We have had an uneventful week off—so uneventful, in fact, that I kept postponing this blog post. I simply could not think about how to give a voice to what I wanted to say.
One great thing about a break from homeschooling is that you get an opportunity to step back from the trenches and take note of what is and what is not happening. The truth is that, at this point in our journey, I do not have to make many adjustments. At the intersection of her learning style and my educational goals for her, there is a good balance of rigor and relaxation. There is also an understanding on my part that I will never be able to make everything as fun as I would like it to be in my head, and a resignation on her part that she has to think deeply and work diligently, even if all she really wants to do is dance.
That brings me to our fall break. One of the things she did was dance. And dance. And dance. Our local dance center reopened in its temporary home after the original facility lost a fight with Tropical Storm Harvey. I was happy for her that our many talks about being obedient to seasons with God, and how your gifts will make a way for you, are finally coming to fruition. She is taking on more responsibilities as a leader in addition to getting some awesome opportunities at other dance centers in the area. Meanwhile, I am finally understanding that, as a dance mom, when your child truly taps into her passion, both feet rarely stay on the ground.
There is a weird, but appreciable, connectivity to all this dancing and where our school is going. Because of our daughter’s passions and learning style, I backed off of some of the seat work and allowed her a discovery day. In theory, this day would be about as close as I get to an unschooling methodology. But a friend of mine articulated best the dilemma I see in our home: when a child is accustomed to being told what to do, a day with no other instruction except, “What are we going to do today?” leaves said child a bit lost. My joke in the last few weeks—to myself, to her, and to a small group of homeschool moms—has been that what she likes to discover most is what it feels like to sleep late. My inclination, of course, has been to step in and schedule the day for her, and at times we have had to since dance now requires her time literally every evening. Perhaps the biggest adjustment will be my own, as I work to gently guide this mid-week time into something meaningful without taking it back completely.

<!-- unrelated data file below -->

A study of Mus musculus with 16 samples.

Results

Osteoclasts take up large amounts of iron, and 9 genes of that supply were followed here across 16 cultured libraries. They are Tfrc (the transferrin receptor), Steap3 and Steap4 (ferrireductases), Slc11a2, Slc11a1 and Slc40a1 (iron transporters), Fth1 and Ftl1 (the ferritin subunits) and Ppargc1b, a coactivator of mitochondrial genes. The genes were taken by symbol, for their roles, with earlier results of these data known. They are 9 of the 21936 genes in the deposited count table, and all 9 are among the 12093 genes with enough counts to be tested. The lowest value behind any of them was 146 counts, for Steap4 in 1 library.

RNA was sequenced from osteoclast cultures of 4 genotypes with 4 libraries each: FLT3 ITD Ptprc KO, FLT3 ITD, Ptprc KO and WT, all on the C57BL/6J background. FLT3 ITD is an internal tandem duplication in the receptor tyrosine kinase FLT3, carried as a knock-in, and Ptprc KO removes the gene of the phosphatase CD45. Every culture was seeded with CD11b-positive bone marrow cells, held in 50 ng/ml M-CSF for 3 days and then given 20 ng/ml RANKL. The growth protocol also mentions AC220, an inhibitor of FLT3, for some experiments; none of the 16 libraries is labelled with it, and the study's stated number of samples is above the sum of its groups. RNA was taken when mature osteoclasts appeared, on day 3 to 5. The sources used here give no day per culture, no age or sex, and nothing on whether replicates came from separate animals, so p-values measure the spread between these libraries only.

Pastor preached this morning from Mark 9, where Peter, James, and John were with Jesus on the Mount of Transfiguration. Peter was so overwhelmed until he just had to say something, though he knew not what to say (verses 5-6). It must have been an amazing time. Every now and then, we have a “mountaintop” experience in our homeschool; every subject connects, those lights in the eyes and brain are fully on, and we leave the kitchen table still talking about something we discussed earlier. I don’t live near any mountains, but as a girl who sometimes fished with her father, I use the term “honey hole.”
The problem is, as Pastor explained, mountaintop (or honey hole) experiences do not last; at some point, we have to travel back and deal with the mundane aspects of life. The question then becomes, can we maintain mountaintop momentum, even when all around us screams uneventful, normal, or monotonous, even?
We had a good start to our hybrid 8th grade/9th grade year, getting back to the fundamentals of what we do here and putting finishing touches on that middle school foundation. Next semester, we will take on even more of her high school studies, which is my particular favorite time to teach. Why? Because of how much I learn (lol). In these remaining weeks, however, I press forward, praying through my own adjustments, believing God that she will discover something other than the warmth of her bed sheets, and embracing the days with mountaintop momentum.